Break a sweat. “Some health issues that become more prominent with age can contribute to sleep troubles,” Ailshire says. Exercise helps improve all of your body’s systems, and the healthier you are, the less likely you are to experience health conditions that interfere with sleep, such as sleep apnea (short pauses in breathing during sleep) and depression.
In a study published in Sleep Medicine, formerly sedentary adults 55 years and older followed better sleep advice (such as using their bed only for sleep and sex) and did aerobic exercise three days a week for 16 weeks or just followed the sleep tips. The exercise group reported sleeping 45 minutes longer on average, had more energy, and were more likely to exercise following a good night’s sleep.
A 2017 review of three meta-analyses published in the Journal of Evidence Based Medicine found that exercise helped reduce the number of sleep apnea episodes and increase the ability to fall asleep. “There was a 19 percent improvement in overall sleep quality—getting consistent sleep on a daily basis—in those who exercised,” says George Kelley, a co-author of the study and director of the Meta-Analytic Research Group in the School of Public Health at West Virginia University.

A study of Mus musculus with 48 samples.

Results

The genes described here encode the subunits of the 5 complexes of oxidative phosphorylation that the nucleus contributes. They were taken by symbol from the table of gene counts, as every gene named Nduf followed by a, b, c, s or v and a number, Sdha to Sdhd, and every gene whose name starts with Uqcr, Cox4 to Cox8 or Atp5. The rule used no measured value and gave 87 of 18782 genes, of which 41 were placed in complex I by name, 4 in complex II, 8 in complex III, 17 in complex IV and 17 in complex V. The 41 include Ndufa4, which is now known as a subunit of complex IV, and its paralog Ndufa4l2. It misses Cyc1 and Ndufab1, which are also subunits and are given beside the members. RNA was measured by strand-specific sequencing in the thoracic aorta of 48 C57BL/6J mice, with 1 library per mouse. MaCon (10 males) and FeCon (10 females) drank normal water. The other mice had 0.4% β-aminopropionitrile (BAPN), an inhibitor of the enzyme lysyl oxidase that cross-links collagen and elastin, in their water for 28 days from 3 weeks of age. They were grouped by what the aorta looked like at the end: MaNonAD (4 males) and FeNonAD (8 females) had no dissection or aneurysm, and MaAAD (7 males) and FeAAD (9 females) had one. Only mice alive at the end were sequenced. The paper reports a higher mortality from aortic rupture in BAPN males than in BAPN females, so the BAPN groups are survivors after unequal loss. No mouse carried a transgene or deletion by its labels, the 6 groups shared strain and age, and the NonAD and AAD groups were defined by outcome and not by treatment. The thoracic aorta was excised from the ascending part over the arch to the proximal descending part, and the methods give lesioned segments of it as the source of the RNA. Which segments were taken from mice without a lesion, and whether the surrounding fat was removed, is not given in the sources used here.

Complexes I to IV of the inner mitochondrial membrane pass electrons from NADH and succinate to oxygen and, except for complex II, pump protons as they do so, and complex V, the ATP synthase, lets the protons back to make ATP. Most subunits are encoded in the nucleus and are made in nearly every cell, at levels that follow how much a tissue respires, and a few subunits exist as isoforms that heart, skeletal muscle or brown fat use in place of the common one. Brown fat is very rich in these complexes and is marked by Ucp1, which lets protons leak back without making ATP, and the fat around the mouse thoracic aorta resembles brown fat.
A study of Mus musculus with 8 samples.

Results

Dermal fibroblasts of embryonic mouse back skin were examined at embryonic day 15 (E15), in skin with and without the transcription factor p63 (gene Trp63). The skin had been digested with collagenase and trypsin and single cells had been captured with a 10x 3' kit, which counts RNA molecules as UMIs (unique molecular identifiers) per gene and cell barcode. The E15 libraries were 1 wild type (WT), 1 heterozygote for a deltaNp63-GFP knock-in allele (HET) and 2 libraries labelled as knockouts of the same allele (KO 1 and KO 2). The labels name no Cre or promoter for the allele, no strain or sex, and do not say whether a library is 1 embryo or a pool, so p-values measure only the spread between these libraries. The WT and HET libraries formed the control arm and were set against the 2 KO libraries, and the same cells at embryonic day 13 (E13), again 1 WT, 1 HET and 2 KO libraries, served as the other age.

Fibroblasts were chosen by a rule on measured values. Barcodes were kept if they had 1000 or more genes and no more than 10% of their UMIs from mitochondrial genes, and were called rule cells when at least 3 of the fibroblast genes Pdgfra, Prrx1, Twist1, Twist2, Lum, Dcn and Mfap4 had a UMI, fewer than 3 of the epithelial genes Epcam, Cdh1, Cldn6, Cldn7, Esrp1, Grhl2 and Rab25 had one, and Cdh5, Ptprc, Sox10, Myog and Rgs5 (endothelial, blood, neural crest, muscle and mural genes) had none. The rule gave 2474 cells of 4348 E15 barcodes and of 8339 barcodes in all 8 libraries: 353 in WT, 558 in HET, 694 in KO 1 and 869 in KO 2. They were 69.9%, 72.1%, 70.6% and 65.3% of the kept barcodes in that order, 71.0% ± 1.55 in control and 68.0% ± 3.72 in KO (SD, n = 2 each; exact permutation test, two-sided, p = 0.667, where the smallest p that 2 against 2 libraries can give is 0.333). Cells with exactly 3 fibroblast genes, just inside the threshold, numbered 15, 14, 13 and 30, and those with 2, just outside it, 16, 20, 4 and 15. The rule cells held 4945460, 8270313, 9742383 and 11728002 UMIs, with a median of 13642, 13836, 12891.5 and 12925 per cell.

Nix the caffeine. Stop drinking coffee, tea, or other caffeinated beverages at least 6 hours before bedtime to avoid any residual energizing side effects, Chervin says.
Get outside if you tire early. Many older adults find themselves waking up earlier than they used to, which isn’t necessarily a problem unless it starts to disrupt your life. When you’re going to bed at 6 or 7 p.m. because you’re waking at 2 or 3 a.m., that can make it more difficult to interact with family and friends, which can increase isolation. Getting light exposure in the later afternoon “can help push that sleepiness back so you can go to bed later and get up a little later,” Chervin says.